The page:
I think I’ve found the last batch of pictures. I’m a little overwhelmed so another scanning session is a while off. However there were other things with the pictures - there were five letters.
My mom’s first passport was issued by the Irish government a few months after her 20th birthday. It contains a single stamp: US customs in August of 1957. Her passport wasn’t even two months old at that point and it was never used for travel again.
The first letter was written in December of 1957. The handwriting was oddly like my mom’s but ended “Daddy.” My mom had always described him as a good father; a good man.
It was a thoughtful, caring letter. Not long, not overwrought, but clearly a letter from a father who cared about his daughter; who missed his daughter. Received by a daughter who missed her father. A single page kept for nearly sixty years.
The next letter was sent in early 1958. It was from a family friend; a priest. It was chatty about all the local gossip including a note about my mom’s dad - he was recovering well from surgery. The letter was kind but breezy.
The third letter is dated five days later. It’s less than six months since my mom had left a small rural town in the middle of Ireland for the giant country of America. From the same family friend; clearly troubled by the contrast this letter would provide. It’s written the day before her father’s funeral; it’s written knowing that this letter would likely be the first my mom would learn of this news.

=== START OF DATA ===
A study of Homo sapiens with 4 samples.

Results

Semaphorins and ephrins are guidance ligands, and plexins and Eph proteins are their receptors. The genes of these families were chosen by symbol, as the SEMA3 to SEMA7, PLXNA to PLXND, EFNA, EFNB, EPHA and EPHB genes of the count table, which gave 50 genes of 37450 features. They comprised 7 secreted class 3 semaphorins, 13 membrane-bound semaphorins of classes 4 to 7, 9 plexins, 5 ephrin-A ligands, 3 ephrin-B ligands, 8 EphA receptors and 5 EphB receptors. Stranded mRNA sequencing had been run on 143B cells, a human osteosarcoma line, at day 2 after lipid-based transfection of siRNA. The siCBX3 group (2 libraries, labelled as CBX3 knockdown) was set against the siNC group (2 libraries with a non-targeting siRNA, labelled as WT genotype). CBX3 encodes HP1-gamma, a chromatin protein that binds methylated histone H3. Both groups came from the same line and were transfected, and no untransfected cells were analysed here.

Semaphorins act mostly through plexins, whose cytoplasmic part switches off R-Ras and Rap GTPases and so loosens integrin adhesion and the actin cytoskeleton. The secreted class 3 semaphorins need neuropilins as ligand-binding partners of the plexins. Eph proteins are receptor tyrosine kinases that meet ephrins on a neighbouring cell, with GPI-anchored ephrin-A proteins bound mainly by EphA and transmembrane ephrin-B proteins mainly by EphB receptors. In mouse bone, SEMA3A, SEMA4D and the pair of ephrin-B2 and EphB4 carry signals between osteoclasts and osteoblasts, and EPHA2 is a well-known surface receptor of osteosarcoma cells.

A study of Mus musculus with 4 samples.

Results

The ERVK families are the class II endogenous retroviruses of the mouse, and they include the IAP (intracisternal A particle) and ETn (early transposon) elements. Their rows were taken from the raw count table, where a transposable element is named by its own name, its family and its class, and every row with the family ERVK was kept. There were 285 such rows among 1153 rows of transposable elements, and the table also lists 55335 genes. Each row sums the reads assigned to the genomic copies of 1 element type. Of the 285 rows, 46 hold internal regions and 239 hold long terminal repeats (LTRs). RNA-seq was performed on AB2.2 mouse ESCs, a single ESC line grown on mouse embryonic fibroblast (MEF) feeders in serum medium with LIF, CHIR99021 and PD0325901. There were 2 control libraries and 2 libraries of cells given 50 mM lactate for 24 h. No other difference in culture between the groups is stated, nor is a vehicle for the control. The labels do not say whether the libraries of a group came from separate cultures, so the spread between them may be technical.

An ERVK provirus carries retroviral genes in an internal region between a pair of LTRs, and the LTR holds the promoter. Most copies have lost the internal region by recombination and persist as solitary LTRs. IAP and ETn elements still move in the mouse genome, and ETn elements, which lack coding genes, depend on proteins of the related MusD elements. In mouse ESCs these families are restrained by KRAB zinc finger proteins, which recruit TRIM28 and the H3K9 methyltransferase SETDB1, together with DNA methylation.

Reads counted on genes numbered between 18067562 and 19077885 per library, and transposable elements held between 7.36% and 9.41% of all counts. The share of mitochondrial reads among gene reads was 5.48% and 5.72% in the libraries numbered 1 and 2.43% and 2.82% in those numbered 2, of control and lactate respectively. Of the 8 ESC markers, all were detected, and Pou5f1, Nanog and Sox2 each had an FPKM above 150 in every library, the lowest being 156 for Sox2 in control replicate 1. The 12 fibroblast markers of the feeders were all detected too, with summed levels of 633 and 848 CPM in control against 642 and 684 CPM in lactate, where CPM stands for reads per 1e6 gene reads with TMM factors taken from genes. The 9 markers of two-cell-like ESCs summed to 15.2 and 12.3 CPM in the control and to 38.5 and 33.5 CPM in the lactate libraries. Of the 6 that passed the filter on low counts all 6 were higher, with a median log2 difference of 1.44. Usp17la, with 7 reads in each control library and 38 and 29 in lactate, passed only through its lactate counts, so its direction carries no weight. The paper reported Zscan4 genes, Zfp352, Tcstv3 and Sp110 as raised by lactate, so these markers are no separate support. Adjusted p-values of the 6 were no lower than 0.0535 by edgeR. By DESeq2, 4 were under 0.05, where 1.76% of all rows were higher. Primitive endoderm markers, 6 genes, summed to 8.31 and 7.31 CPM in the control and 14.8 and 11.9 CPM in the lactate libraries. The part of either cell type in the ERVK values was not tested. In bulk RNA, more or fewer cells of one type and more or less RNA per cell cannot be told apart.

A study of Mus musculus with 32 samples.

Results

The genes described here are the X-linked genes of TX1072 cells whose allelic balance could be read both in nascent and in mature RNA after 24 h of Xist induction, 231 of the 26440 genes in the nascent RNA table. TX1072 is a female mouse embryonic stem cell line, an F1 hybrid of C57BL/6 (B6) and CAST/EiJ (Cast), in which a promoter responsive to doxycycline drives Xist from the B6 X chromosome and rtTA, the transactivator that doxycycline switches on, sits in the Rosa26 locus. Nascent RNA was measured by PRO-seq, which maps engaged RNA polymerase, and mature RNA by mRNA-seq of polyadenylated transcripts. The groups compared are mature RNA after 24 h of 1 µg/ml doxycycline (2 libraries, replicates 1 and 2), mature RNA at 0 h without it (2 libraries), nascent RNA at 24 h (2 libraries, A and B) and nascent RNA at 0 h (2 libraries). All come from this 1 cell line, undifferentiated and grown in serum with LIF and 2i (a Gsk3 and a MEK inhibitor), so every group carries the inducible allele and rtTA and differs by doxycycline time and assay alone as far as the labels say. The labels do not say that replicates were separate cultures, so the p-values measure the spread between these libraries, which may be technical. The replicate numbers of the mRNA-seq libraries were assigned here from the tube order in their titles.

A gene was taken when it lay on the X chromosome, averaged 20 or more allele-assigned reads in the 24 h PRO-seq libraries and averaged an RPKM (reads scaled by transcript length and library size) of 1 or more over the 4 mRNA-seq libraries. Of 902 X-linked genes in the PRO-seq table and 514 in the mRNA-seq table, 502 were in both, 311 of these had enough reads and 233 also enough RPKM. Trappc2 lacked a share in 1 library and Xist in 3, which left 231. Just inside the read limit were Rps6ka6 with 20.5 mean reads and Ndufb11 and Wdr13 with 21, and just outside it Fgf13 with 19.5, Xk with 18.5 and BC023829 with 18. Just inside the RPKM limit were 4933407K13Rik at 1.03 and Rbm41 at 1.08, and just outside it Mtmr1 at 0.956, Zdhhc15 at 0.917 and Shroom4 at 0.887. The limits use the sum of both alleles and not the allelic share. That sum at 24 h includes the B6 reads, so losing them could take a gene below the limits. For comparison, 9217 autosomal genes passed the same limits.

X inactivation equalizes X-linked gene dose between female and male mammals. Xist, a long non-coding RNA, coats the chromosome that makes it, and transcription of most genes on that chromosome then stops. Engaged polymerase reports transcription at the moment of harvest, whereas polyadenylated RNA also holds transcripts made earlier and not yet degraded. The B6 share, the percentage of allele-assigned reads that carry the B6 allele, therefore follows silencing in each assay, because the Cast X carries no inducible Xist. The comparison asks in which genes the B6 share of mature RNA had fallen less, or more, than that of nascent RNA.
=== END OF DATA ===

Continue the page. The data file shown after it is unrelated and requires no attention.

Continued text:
My mom’s second passport was issued by the US government a few months after her 30th birthday. It has six stamps in it; the first just a few months after issue. A decade had passed before my mom first saw her father’s grave. Before she could grieve near her father.
The last two letters are from my grandmother. The first written a few days after her husband’s funeral. The second was written in the fall of 1988. It’s the only one written on the familiar blue Airmail letters I remember from my childhood. Letters from home. Letters for mom. Her writing was always a cipher to me, but the letter is largely about her failing health.
My mom’s fifth passport was issued by the US government. At the time of issue my mom was just a year older than I am now. Among the several stamps is one in Shannon a month after the letter; a stamp in New York followed two weeks later. Between those stamps, my mom sat with her mother. She held her hand. She stood by the grave as the first spades of earth landed on the coffin.
I’d known all this, they were important points in my mom’s life and she had talked about them. But I’d never seen the letters. I’d never thought through the dates.